Release Date

Aligning perfectly with Judd Apatow’s other heartfelt, raunchy comedies like The 40-Year-Old Virgin and Funny People, the vanguard producer’s latest comes from writers Kristen Wiig and Annie Mumolo, and it brings the feminine perspective into Apatow’s usually male-dominated territory. At first glance, it appears to be your usual romantic comedy about female friends planning a wedding. Fortunately, as familiar as Bridesmaids may seem in terms of plot—how many “chick flicks” have there been about weddings?—it’s enriched by the writers’ exploration of three-dimensional characters, who just happen to be women. The movie doesn’t treat its female characters as exceptions to the absurd comedic rule that women aren’t funny, but for moviegoers devoted to that archaic idea, it will certainly prove them wrong.

Here the current SNL regular Wiig advances beyond the title’s implication and graduates from television regular to movie star, her performance so assured and likable that it’s bound to secure her another feature film lead role in the near future. Wiig plays Annie, who’s asked by Lillian (Maya Rudolph) to be her maid of honor. Friends since childhood, the two have gone in different directions. Lillian’s well-to-do fiancé (a silent Tim Heidecker) and newfound moneyed friends are much different that Annie’s down-to-earth, minimum-wage style. Approaching rock bottom, Annie’s bakery business has gone under, she lives with weirdo bother-sister roommates, works a lousy job, her car barely runs, and she degrades herself as the regular booty call for a man who refuses to commit (Jon Hamm). In the face of all this, Annie feels upstaged by Lillian’s new friend and bridesmaid, Helen (Rose Byrne, excellent as usual), an elitist with deep pockets and no end of sophistication.

Wiig, an expert at passive-aggressive humor, places Annie in a backhanded battle with Helen over who can conceive the best ideas for Lillian’s wedding. Of course, Helen’s outwardly graceful and modish touch trumps Annie, who chooses the wrong restaurant (leading to a gross-out food poisoning sequence) and singlehandedly screws up the bachelorette party. With Annie’s personal life in shambles, no wonder Lillian makes the switch halfway through the proceedings to have Helen take charge as the maid of honor. Meanwhile, Annie flirts with a nice-guy state trooper (Chris O’Dowd), whose sweetness is overlooked by the self-pitying protagonist. The other bridesmaids—Ellie Kemper and Reno: 911!’s Wendi McLendon-Covey take a back seat to Gilmore Girls’ standout Melissa McCarthy—are mostly oddballs, with the exception of McCarthy, who brings some emotional motivations to her eccentric character.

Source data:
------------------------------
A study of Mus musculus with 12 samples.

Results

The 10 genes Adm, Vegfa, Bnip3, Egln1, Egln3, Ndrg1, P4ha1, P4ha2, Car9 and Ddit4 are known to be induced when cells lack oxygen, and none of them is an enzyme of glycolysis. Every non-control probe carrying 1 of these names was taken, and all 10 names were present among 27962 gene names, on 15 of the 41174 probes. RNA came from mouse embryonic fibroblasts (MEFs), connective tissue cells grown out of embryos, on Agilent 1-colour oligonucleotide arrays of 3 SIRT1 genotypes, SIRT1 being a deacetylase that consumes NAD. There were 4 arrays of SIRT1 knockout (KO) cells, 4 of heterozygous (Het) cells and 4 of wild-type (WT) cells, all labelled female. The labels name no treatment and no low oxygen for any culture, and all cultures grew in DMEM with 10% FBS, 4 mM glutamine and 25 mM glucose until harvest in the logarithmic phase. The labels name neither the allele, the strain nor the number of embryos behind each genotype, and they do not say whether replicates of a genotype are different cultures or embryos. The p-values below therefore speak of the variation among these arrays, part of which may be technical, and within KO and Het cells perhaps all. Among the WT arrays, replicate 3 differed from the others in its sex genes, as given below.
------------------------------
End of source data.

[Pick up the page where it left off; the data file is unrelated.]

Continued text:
Recalling the struggle of Jason Segel’s character in Forgetting Sarah Marshall, Wiig’s character must find a way out of her rut, whereas her downward spiral consumes most of the film and becomes increasingly funny and affecting as Annie’s behavior worsens. Yet, despite the lows reached, Wiig remains strangely sympathetic, even in her worst moments. We may cringe at her poor behavior, but the actress never loses the audience’s compassion, no matter how badly she screws up. A memorable supporting actress in Extract and Paul, Wiig displays an impressive balance between broad laughs and relatable emotions, her natural rapport with costar Rudolph setting tangible stakes in the conflict. Given the almost guaranteed commercial success of this film, chances are Wiig will move on from her sketch comedy roots and become better known as a movie star comedian. Here’s hoping.

Paul Feig, a television director most commonly associated with Arrested Development and The Office, delivers an unassuming production that allows its female stars to take center stage. Wiig may be the central component, but Byrne, Rudolph, and McCarthy also give scene-stealing performances to round out the whole. And whereas typical wedding movies contain and impel all those ridiculous clichés about the sexes, Bridesmaids manages to be so refreshing by appealing to more than just a female audience. Even while it harbors formulaic turns, the approach will appeal to fratboys and rom-com crowds alike, while it maintains a touching concentration on friendship and never dives too far into the bawdy deep end.